After an early pregnancy loss and a year of trying to conceive, we found out I was pregnant on July 4, 2014. I had some first trimester bleeding, which was determined to be from the loss of a twin. At my first ultrasound there were two yolk sacs, but only one baby.
Then, at 13 weeks a 1 day, I had a big gush of fluid. I called the doctor, who said it’s extremely rare for your water to break so early, and it was probably just urine or discharge. If my water had broken, there was nothing that could be done. I’d go into labor in the next 48 hours and lose the baby.
When I didn’t go into labor, I assumed I must have over reacted. I went on with life as usual. We took a family vacation to Ireland, hiking and exploring castles for a week.
A few weeks later, an ultrasound showed no amniotic fluid around baby. My water had broken, but somehow I was still pregnant with a healthy, growing baby.
Survival rates for an early mid trimester rupture of membranes are poor, and there are risks for the mothers health if the pregnancy is continued. Our doctors recommended that we terminate the pregnancy, but I opted to continue with the pregnancy despite the risks.
After some of the longest weeks of my life, I finally reached 24 weeks which is when our hospital considers a pregnancy to be viable. At this point I was admitted to the hospital, given steroids to help develop the baby’s lungs and antibiotics to prevent infection.
Even at this point, the baby’s chance of survival was doubtful. I had no amniotic fluid since the rupture, and amniotic fluid is necessary for fetal lung development. I began working with our local organ procurement organization so the baby could be a donor if he did not survive.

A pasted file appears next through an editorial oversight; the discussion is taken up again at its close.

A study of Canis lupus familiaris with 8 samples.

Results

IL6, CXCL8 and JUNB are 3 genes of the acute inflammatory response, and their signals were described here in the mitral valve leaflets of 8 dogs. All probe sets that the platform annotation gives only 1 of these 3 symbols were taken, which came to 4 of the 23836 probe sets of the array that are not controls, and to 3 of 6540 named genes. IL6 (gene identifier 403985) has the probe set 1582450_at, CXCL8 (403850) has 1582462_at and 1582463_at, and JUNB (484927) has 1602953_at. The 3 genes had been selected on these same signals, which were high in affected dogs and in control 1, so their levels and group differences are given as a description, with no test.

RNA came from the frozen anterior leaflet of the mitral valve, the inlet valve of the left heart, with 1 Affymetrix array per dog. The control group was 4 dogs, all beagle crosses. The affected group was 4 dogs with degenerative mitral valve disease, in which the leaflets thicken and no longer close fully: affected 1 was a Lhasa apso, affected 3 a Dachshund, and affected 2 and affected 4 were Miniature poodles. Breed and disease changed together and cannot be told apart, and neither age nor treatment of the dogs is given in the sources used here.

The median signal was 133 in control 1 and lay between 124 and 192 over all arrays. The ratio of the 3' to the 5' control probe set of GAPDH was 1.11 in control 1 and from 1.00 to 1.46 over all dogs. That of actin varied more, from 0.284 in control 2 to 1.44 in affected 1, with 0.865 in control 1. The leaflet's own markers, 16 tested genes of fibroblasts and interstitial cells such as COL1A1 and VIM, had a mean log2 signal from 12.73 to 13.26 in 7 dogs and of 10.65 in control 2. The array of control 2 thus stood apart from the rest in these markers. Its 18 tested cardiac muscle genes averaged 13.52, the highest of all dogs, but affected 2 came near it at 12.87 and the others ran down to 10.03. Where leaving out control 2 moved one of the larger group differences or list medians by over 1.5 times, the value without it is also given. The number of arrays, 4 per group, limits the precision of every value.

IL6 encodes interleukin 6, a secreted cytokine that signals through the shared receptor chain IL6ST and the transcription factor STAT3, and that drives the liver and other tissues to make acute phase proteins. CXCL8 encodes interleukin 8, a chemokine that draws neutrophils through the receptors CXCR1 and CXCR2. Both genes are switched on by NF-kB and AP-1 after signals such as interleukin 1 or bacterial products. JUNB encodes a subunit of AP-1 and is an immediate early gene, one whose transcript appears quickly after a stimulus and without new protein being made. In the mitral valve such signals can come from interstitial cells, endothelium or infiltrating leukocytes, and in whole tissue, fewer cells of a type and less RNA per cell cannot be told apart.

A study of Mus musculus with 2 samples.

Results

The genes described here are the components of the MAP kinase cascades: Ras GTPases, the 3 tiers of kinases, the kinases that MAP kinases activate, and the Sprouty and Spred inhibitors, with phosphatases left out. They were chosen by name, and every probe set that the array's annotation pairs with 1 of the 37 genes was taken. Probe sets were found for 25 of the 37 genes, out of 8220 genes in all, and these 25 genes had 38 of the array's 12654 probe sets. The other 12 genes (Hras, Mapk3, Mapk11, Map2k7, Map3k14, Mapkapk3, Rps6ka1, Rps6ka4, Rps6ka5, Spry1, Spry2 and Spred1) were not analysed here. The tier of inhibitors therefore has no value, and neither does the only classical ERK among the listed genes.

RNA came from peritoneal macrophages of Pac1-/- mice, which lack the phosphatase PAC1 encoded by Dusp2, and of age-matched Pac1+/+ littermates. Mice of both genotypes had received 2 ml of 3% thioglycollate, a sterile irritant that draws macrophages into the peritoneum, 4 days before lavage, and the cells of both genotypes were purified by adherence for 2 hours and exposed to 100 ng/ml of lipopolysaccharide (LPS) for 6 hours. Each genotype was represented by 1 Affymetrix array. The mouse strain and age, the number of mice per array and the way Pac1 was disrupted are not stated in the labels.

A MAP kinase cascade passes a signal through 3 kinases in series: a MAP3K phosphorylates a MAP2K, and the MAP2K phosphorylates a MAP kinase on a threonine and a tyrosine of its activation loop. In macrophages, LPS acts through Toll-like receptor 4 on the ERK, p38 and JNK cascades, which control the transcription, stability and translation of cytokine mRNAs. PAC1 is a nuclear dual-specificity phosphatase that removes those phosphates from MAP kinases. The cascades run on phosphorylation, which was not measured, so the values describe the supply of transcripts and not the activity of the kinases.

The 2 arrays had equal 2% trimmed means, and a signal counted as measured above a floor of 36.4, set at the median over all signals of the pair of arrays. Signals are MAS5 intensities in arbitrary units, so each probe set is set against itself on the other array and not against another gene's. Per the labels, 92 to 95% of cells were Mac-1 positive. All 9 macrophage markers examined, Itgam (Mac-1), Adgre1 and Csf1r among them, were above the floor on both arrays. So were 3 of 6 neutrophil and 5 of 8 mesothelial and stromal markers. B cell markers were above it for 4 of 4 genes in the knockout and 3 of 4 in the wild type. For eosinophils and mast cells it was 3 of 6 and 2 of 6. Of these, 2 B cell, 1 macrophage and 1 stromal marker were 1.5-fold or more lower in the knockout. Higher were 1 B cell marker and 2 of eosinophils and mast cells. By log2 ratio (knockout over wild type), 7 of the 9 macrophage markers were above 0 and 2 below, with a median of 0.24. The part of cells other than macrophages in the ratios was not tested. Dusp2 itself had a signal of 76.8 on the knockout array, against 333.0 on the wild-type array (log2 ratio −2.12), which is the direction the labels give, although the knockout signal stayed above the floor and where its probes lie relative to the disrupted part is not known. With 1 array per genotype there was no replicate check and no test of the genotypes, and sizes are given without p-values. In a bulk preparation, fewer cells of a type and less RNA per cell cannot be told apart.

The morning of January 13 started perfectly normal. I was 29 weeks and 6 days pregnant. I was a little achey, but I assumed it was normal growing pains. Then I started having some cramps that quickly turned into a constant pain that was increasing in intensity. I called my husband and asked him to come to the hospital, and I was moved from antepartum to labor and delivery.
The doctor could find nothing wrong. No dilation, no bleeding. Monitors were not picking up any contractions. But I was in such incredible pain I was shaking and vomiting. The doctor suspected a possible placental abruption and started prepping for an emergency cesarian. I was in too much pain to have an epidural or spinal, and opted for general anesthesia.
Just one hour after the cramps started, Samuel Arthur was born measuring 15.5″ and 3lbs.
The doctor determined the pain I’d had before his birth was not an abruption, but was just extremely aggressive labor pains.
After a few days on the ventilator Sam was moved to CPAP. I got to hold my baby for the first time.
Soon after his birth we discovered Sam has a pair of congenital heart defects and he transferred hospitals for surgery. When he was 16 days old he had surgery to correct a coarctation of his aortic arch.
Now at eight weeks old he is continuing to progress every single day.
Super Sam is proof that miracles do happen.